3 reasons your website views are not converting into leads

Is your website getting views, yet not converting into the leads or sales that you wanted? I know I hear time and time again across the web that their website just isn’t performing the way that it should. Maybe your website isn’t attracting the right clients or scaring them away. Yes, it can happen. Many small business owners think (especially new ones) that a couple of pretty pictures here, an about us there, and bam you should be golden right? Wrong. The website game, and digital marketing, in general, is way bigger and more complex. Here are three reasons your website viewers may not be converting into leads.

You are not talking to the right people.

Have you done your homework on who your clients are? If not, your message probably isn’t resonating with the people that are viewing your website. This one seemingly simple point affects everything from your copy (text on your website) to your design to your off-site adverting such as Facebook ads and SEO. If you have done that homework, have you adjusted your website to fit that perfect client? If you have current clients or customers that fit into your perfect client slot, maybe run some of the messaging by them to get feedback. These bits of homework are absolutely essential to your website and your business in general.

Your website does not have a clear objective.

If viewers are going to your site, and bouncing right off or not converting, it could be your site does not have clear objectives. You can’t just slap a website, say “Here I am,” and expect it to do much. What are you telling them? Why are you telling them? What are you wanting them to do? These are questions that should be answered by viewers of number 1. Here are a couple of quick tips to help direct your views.


  1. Have a call to action button or a web form right there. If your website offers something such as services, free call, anything of the sort, always have a call to action button if you cannot or deem not to have a web form right there at the offer.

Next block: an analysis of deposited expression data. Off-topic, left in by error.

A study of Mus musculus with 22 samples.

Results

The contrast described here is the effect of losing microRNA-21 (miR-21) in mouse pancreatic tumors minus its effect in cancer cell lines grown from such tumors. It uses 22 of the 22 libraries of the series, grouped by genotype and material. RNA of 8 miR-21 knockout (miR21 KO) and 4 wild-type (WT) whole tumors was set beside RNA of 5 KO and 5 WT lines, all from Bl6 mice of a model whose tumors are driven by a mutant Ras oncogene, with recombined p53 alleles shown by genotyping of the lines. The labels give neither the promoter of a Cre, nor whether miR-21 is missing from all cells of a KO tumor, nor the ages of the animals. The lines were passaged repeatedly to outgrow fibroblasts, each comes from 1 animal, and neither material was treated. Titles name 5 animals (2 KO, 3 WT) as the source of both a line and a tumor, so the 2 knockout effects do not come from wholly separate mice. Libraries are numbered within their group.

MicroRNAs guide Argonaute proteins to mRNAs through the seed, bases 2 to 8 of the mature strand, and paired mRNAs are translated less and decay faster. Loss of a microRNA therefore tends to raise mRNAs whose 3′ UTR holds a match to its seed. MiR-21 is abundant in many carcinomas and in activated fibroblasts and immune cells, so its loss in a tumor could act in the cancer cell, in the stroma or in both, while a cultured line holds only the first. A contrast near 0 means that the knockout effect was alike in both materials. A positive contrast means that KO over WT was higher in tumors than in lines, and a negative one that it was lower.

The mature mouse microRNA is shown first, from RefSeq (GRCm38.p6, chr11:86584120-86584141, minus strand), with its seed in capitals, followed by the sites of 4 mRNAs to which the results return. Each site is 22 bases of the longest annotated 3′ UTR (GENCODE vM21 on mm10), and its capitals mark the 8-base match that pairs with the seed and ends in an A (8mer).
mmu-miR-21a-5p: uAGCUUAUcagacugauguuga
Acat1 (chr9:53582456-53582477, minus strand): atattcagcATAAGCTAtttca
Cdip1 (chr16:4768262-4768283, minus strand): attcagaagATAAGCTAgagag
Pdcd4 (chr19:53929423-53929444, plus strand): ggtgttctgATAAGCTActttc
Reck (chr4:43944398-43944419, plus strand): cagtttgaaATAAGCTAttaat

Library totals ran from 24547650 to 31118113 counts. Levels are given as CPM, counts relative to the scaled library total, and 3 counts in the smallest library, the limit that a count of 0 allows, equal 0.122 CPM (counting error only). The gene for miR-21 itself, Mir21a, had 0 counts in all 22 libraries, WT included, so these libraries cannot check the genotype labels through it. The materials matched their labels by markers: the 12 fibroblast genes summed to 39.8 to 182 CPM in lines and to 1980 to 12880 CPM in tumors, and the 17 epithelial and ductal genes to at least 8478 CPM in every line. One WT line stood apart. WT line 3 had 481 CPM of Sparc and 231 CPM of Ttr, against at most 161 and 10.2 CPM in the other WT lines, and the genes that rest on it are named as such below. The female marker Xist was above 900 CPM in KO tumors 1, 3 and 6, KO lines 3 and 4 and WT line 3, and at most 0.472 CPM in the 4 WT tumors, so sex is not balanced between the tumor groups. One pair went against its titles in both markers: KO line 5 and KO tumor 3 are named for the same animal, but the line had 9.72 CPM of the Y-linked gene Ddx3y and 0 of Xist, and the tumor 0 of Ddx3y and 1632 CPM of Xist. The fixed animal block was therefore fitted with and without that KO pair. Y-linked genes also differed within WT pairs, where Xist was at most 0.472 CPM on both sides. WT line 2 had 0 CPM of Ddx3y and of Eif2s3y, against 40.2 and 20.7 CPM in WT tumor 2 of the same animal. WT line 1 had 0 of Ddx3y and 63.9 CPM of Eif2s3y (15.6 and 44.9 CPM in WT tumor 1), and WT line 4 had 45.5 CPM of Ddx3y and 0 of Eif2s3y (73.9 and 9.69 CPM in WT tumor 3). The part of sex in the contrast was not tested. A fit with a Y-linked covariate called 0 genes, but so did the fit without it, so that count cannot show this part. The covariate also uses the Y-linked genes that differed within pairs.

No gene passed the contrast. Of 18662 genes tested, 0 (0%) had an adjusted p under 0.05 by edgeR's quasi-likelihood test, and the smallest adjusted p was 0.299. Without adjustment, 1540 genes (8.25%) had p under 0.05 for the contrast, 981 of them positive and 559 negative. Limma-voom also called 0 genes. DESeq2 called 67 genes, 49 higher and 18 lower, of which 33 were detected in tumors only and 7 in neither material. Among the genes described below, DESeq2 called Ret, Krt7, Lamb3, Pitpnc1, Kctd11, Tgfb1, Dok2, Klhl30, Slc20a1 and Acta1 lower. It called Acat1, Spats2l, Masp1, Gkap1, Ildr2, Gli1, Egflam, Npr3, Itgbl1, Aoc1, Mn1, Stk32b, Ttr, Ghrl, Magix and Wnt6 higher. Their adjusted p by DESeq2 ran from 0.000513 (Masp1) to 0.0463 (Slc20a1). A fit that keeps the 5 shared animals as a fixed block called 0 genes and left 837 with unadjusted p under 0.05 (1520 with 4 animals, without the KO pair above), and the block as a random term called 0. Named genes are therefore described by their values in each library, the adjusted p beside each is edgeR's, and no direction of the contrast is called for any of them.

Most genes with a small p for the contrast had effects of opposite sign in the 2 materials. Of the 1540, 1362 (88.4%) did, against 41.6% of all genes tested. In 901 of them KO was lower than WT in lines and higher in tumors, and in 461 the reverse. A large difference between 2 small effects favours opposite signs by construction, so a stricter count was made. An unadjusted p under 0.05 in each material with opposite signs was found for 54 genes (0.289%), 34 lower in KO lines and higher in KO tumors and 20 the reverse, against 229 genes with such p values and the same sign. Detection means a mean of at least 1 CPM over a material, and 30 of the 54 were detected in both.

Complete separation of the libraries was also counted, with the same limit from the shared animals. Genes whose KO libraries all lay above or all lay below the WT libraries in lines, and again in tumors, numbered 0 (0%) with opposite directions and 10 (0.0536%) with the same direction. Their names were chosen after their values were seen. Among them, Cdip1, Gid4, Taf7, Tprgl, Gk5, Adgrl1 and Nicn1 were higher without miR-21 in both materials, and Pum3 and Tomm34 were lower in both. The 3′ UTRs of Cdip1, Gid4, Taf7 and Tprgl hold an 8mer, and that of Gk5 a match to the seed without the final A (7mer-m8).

2. Make your service or sales page be a 1, 2, 3 walkthrough. For example, “Call us to set an appointment, and we will come out and give your exterior a thorough inspection, our rep will help you choose the right paint for the exterior…”

Your website is too slow

Everything is expected in the blink of an eye now in 2018. And this will only get worse. So if your website loads at 4 seconds, don’t expect your website to convert into the leads. In 2017, 47% of viewers expected load times to be under 2 seconds (https://blog.hubspot.com/marketing/page-load-time-conversion-rates). If your site runs 4 seconds or higher, it won’t matter if you have the right audience in mind and clear objectives on the website because your viewers will never see it. Depending on what platform your site is built on (WordPress, Wix, Drupal, etc.) will dictate what you can do to speed your website up. Yet here is 2 quick tips that will work no matter what you have used to build your website.

  1. Limit how many outside scripts are on the website. If you have Facebook Pixel, Hotjar, Youtube, and Google Analytics, those are good things to have, yet that is 4 other website servers that have to load along with yours in order for your website to load.
  2. Compress your website images. Your image file sizes can be as little as a quarter of the file size it used to be.   There is a bevy of sites and tool out there that one can use to compress their image files and still get quality images.

Let’s face it. The internet is maturing. It has gone from infancy to almost every website being a success in the dot-com boom, to high skepticism when it busted to now; a more mature use of the internet. This means your website, and the way you use it must mature. Almost 75% of all small businesses in the U.S. have a website as reported by smallbusiness.com. So if your website is not doing what you want it to, I would implore you to investigate why, because it is almost a guarantee that your competitors are tweaking their sites. That means the cost of doing nothing, is leaving money on the table.

About the Author:

Chris Hughbanks owns and operates Hughbanks Design, where he helps small business websites turn into business growth engines.